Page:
Exciting changes are coming to 16th Street Park, one of the Grover Beach community’s most popular parks. This week, the Grover Beach City Council awarded a construction contract for moving forward with replacing the park’s 20-plus-year-old playground equipment with a more modern and inclusive design submitted by Play and Park Structures.
“COVID-19 has made us all realize just how valuable outdoor recreational areas are for both physical and mental health,” said Grover Beach Mayor Jeff Lee. “Being able to move forward with a project like this that will benefit families and youth in our community for many years to come is priceless.”
The new design incorporates a treehouse fort theme and playground features previously identified as important by the community and Grover Beach youth. These features include tall towers with multiple levels, slides, swings, monkey bars, spinners and inclusive play options for children with special needs and in wheelchairs. There will be two main playground structures built that incorporate many of these elements, one designed for ages 2 to 5 and another for ages 5 to 12. Construction of the new playground is planned to begin later this month and expected to be completed by summer 2021. Other areas of the park including the covered picnic area, sports field and a large open turf area will not be impacted by the construction of the new playground structure.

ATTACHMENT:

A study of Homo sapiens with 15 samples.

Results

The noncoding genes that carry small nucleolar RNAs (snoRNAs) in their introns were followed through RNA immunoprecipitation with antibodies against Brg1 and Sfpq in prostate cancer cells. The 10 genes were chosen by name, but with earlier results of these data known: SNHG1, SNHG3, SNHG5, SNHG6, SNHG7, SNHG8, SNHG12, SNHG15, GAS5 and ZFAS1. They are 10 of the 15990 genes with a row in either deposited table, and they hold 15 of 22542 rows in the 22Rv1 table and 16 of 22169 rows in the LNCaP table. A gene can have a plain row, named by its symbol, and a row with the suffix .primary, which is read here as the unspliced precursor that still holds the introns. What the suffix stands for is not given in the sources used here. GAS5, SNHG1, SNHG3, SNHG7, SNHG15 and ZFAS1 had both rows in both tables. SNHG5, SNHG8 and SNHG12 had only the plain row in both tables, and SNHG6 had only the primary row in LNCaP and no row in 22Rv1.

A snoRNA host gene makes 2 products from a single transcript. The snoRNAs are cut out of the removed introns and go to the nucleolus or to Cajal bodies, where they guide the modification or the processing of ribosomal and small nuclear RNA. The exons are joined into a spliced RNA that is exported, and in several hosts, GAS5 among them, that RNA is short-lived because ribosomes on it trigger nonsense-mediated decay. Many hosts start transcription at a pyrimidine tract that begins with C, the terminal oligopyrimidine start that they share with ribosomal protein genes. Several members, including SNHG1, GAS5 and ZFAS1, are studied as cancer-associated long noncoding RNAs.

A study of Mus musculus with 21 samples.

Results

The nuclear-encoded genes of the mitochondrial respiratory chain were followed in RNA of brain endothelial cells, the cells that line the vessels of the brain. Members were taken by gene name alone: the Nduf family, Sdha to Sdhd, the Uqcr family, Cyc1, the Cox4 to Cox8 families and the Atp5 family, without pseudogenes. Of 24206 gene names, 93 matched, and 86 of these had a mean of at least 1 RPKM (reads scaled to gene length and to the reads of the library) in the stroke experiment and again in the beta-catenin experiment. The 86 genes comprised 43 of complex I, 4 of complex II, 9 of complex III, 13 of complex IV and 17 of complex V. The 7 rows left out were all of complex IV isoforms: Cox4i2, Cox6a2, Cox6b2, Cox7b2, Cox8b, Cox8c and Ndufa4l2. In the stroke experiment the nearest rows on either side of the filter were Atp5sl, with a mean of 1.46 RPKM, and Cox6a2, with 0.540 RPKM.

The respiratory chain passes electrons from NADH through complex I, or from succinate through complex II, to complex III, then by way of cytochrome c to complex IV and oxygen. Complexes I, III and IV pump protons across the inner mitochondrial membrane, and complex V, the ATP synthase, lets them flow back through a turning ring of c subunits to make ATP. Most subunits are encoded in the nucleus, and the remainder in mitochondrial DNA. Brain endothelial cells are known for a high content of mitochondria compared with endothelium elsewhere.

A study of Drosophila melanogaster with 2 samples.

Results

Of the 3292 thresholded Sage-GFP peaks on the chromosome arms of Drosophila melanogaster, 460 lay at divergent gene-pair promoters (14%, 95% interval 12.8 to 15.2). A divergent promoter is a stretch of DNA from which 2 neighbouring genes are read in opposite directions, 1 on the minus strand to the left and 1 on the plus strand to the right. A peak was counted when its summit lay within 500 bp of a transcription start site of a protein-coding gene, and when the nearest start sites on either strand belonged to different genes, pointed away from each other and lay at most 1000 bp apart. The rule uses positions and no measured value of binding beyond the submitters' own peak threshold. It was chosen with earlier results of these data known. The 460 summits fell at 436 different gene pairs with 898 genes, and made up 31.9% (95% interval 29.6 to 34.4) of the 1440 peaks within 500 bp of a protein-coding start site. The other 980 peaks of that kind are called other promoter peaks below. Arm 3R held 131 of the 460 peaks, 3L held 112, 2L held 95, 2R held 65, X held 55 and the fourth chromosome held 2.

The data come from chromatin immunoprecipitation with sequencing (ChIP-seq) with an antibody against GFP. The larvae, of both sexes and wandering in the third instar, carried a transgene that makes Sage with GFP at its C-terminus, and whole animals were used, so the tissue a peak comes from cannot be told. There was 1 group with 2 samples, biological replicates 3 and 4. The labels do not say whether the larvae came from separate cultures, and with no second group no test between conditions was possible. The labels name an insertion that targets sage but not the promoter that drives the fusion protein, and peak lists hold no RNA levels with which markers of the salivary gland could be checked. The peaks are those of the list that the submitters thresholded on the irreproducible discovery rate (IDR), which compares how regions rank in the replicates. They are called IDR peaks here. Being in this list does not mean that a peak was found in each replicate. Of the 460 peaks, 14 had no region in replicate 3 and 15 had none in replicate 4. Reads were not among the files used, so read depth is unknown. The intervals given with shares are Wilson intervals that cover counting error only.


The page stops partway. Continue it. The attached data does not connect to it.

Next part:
“Grover Beach is a beautiful city with great outdoor spaces and so much to offer the community,” said Grover Beach City Manager Matthew Bronson. “We are committed to continually looking for opportunities to improve our park facilities to provide an outlet to get outside, be active, and enjoy our fresh air.”
The new playground is part of the larger 16th Street Park Project, which will also improve restroom facilities and park lighting. The City’s Capital Improvements Program has allocated $487,000 to the project including $333,000 in funding for the new playground. The project is funded through a combination of sources including Parks Facility Development Impact Fees, State Proposition 68 Parks Grant, City General Fund, and a generous donation from the Nichols Foundation.